Chinese policy makers have been floating an implausible theory: The novel coronavirus didn’t originate in China but was imported from Europe. That’s what a former chief epidemiologist of the Chinese Center for Disease Control and Prevention told an academic conference last fall. One theory is the virus rode into Wuhan on frozen-food packaging.

This month the World Health Organization visited China to investigate the origins of the virus. A member of the WHO delegation said it’s “possible that a frozen carcass could have been shipped” to China and introduced the virus, giving some validation to the food-packaging idea. Reporting has suggested that China required the WHO to agree it would investigate the food hypothesis as a condition of entering Wuhan. By lending credence to this improbable theory, WHO is damaging trust in the important project of figuring out where the virus originated.

The most common culprit cited by Chinese officials is frozen salmon, though officials have also suggested the virus may have hitched a ride on frozen cod, pig heads or other products. In response, Beijing has suspended imports of some food products and introduced inspections and tests of frozen food, which has frequently held up imports from the U.S. and Europe.

The U.S. Food and Drug Administration weighed in last week with a forceful statement. “There is no credible evidence of food or food packaging associated with or as a likely source of viral transmission,” the Acting Commissioner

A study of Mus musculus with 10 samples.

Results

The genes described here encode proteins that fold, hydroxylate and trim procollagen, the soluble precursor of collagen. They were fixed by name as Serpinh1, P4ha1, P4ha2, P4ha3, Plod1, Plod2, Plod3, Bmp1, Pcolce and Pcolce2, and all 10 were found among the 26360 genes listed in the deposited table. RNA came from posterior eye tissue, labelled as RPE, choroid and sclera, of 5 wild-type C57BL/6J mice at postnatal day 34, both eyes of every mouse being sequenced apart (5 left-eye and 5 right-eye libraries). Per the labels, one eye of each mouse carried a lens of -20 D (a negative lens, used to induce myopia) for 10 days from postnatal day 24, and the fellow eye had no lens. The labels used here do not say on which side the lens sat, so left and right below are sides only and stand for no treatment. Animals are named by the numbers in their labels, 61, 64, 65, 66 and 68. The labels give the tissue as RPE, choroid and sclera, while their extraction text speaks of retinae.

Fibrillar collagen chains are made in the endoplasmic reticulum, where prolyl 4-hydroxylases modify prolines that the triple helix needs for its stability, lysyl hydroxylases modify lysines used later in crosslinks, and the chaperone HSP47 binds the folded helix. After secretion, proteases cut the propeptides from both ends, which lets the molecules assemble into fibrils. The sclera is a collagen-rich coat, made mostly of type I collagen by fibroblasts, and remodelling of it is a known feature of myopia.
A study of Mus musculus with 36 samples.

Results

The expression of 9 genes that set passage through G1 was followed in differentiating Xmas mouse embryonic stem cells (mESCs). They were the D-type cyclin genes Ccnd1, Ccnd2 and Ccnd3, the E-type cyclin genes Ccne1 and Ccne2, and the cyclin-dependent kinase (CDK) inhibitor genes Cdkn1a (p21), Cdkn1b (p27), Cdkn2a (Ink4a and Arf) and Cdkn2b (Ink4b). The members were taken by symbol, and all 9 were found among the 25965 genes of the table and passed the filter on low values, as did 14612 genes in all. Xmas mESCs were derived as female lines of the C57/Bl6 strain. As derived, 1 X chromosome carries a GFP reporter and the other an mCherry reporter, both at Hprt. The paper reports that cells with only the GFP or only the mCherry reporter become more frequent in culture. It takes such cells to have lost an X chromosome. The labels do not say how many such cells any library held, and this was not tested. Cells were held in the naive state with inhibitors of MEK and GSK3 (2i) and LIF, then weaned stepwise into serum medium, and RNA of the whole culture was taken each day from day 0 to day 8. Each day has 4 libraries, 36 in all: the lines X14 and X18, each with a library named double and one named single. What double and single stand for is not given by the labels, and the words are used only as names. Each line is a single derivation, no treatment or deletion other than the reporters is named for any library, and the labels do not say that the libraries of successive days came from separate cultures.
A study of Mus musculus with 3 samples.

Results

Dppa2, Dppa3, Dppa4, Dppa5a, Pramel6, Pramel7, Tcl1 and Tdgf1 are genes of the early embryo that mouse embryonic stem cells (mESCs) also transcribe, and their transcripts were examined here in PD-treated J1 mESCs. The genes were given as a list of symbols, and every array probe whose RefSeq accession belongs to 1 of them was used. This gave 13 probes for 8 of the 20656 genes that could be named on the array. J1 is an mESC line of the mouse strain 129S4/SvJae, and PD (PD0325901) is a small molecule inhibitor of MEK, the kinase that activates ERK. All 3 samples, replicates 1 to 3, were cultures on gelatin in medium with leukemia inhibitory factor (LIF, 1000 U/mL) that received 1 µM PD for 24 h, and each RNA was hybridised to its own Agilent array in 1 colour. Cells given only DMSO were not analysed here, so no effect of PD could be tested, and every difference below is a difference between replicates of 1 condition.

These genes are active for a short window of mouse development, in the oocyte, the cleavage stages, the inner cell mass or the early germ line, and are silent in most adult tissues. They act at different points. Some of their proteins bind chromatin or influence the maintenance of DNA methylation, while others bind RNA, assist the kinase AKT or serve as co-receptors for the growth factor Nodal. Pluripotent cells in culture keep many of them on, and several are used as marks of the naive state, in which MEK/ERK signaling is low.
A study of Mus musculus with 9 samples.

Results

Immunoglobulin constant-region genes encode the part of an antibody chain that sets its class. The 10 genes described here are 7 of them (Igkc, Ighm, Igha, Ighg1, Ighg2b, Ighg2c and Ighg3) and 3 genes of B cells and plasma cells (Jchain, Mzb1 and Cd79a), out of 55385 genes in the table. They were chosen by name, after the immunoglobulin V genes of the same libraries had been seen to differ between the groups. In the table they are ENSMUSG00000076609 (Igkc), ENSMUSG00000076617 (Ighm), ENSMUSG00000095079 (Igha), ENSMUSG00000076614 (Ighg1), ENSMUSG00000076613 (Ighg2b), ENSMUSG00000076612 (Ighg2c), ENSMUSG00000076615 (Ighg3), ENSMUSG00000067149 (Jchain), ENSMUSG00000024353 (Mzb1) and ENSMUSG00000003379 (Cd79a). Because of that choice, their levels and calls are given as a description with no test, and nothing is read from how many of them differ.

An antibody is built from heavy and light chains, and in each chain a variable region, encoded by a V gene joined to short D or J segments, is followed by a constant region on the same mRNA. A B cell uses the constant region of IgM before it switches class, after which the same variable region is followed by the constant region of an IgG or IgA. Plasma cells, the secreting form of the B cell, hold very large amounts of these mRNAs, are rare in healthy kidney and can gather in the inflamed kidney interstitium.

Janet Woodcock
said in a Covid update on Thursday.

Other scientific bodies have reached similar conclusions. The International Commission on Microbiological Specifications for Foods has stated: “Despite the billions of meals and food packages handled since the beginning of the COVID-19 pandemic, to date there has not been any evidence that food, food packaging or food handling is a source or important transmission route.” More than 100 million cases of Covid have been diagnosed world-wide and, outside China, not a single case has been traced to food or food packaging.

To its credit, the Biden administration has said it will reject the WHO findings absent independent verification. “The Chinese, at least heretofore, have not offered the requisite transparency that we need,” State Department Spokesman
Ned Price
said earlier this month. “We will work with our partners, and also draw on information collected and analyzed by our own intelligence community,” rather than “rush to conclusions that may be motivated by anything other than science.”

The virus most likely emerged from nature, bouncing between animals and humans before it finally broke out. It’s also possible that the virus escaped from a lab where it was being studied. Someone could have become infected while handling samples, and there’s been particular suspicion about the Wuhan Institute of Virology, a high-security research lab that was experimenting with coronaviruses. The theory of a lab leak is exaggerated by some fringe commentators, who suggest that the virus was deliberately engineered. But it’s plausible to wonder about a lab accident.

The WHO team said the lab-escape theory is so remote that it doesn’t merit any further investigation. But frozen salmon does? By giving weight to the food theory, the WHO is making itself less credible, which is a pity. The WHO provides important public-health functions, especially in low- and middle-income nations, where its assistance saves lives. Its work is essential. But the WHO risks eroding its standing and mission if it trades rigor for access and the pretense of relevancy.

Dr. Gottlieb, a physician and resident fellow at the American Enterprise Institute, was commissioner of the Food and Drug Administration, 2017-19 where he helped implement the Food Safety Modernization Act.